A large number of charities who provide services to a limited subsection of the public may find themselves in breach of anti-discrimination legislation once the Equality Act becomes law in October, a group of charity lawyers has warned.
The lawyers, who are members of the Charity Law Association working party, gave the warning in their response to the Equality and Human Rights Commission consultation on the Equality Act 2010 statutory guidance.
They said that once the Act becomes law, charities will need to identify and provide evidence of “a disadvantage or a legitimate aim that the restriction on their beneficiary class addresses, or risk challenge under the Act”.
They said the Charity Commission must urgently create guidance to help charities apply the exemptions in the new Act that allow them to provide benefits to certain members of the public and not others. Otherwise, the regulator could be flooded with enquiries and potentially unnecessary applications to amend charities’ objects.
“Even worse, many charities may not realise they are potentially breaching the law until a claim is brought, leading to significant costs and potentially damage to the reputation of the charity and the sector,” the lawyers wrote.
Charitable instrument exemption
The new Equality Act consolidates and replaces a number of previous anti-discrimination laws such as the Race Relations act, the Sex Discrimination Act and the Disability Discrimination Act.
Previously, charities relied on “charitable instrument exemptions” within these Acts to allow them to positively discriminate in order to fulfil their charitable objects or the terms of a restricted donation. These exemptions allowed them to provide services to people of certain specified characteristics, such as education to children of a particular ethnicity or health services to people of a particular sexual orientation, without breaching anti-discrimination law.
However, a ruling by Mr Justice Briggs in the recent High Court Catholic Care (Diocese of Leeds) case suggests that the charitable exemption can only apply if it meets an additional restriction contained in European human rights legislation. Effectively, charities relying on the exemption must be able to prove that the benefits they provide to their beneficiaries must either be “a proportionate means of achieving a legitimate aim”, or “for the purpose of preventing or compensating for a disadvantage linked to the protected characteristic”.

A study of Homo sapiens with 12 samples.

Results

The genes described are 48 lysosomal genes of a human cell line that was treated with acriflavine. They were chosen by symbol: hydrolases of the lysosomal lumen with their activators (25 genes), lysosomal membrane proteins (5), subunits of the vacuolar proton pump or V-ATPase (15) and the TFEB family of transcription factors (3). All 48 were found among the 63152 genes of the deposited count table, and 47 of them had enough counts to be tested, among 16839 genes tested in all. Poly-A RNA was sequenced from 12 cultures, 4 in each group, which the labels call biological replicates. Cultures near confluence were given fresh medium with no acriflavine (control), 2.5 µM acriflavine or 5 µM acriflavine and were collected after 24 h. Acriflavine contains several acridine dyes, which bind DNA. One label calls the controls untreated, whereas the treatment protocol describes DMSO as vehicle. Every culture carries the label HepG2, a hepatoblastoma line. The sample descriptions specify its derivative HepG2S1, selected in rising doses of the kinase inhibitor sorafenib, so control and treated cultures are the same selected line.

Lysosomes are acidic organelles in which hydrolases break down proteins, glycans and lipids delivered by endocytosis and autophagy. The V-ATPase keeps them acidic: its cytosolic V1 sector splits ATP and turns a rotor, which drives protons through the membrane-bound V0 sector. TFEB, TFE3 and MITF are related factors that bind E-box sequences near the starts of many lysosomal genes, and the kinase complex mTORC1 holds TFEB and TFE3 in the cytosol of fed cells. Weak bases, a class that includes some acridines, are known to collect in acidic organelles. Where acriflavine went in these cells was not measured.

Not tested in UK courts
The lawyers said that this point has not previously been tested in UK courts or brought to the attention of English charities. Therefore, both those charities that have been careful to ensure their activities meet the exemptions under the old laws, as well as those that have not necessarily considered the impact of non-discrimination legislation in the past, could find that their objects are unacceptable once the Act comes into force. “These charities will need clear guidance to make them aware of the Act and its potential impact on their objects,” the lawyers said.
The types of charities that could be affected include religious groups, organisations for immigrants, charities that work with older people, and groups that promote sports to particular nationalities.
The lawyers also said that the Act would affect grantmaking charities, “which will need to be confident that projects or charities that they propose to fund do not discriminate”.
The lawyers said it was becoming clear to them, as practitioners, that charities are concerned about the potential effect the Act may have on their operations. “Others have simply not considered the issue as relevant and may be proceeding in the misguided view that they will be protected by exemptions in the Act.
“There are concerns that an inability to comply with the wishes of donors who would like to place restrictions on the use of their gifts may lead to a drop in funding for some charities.”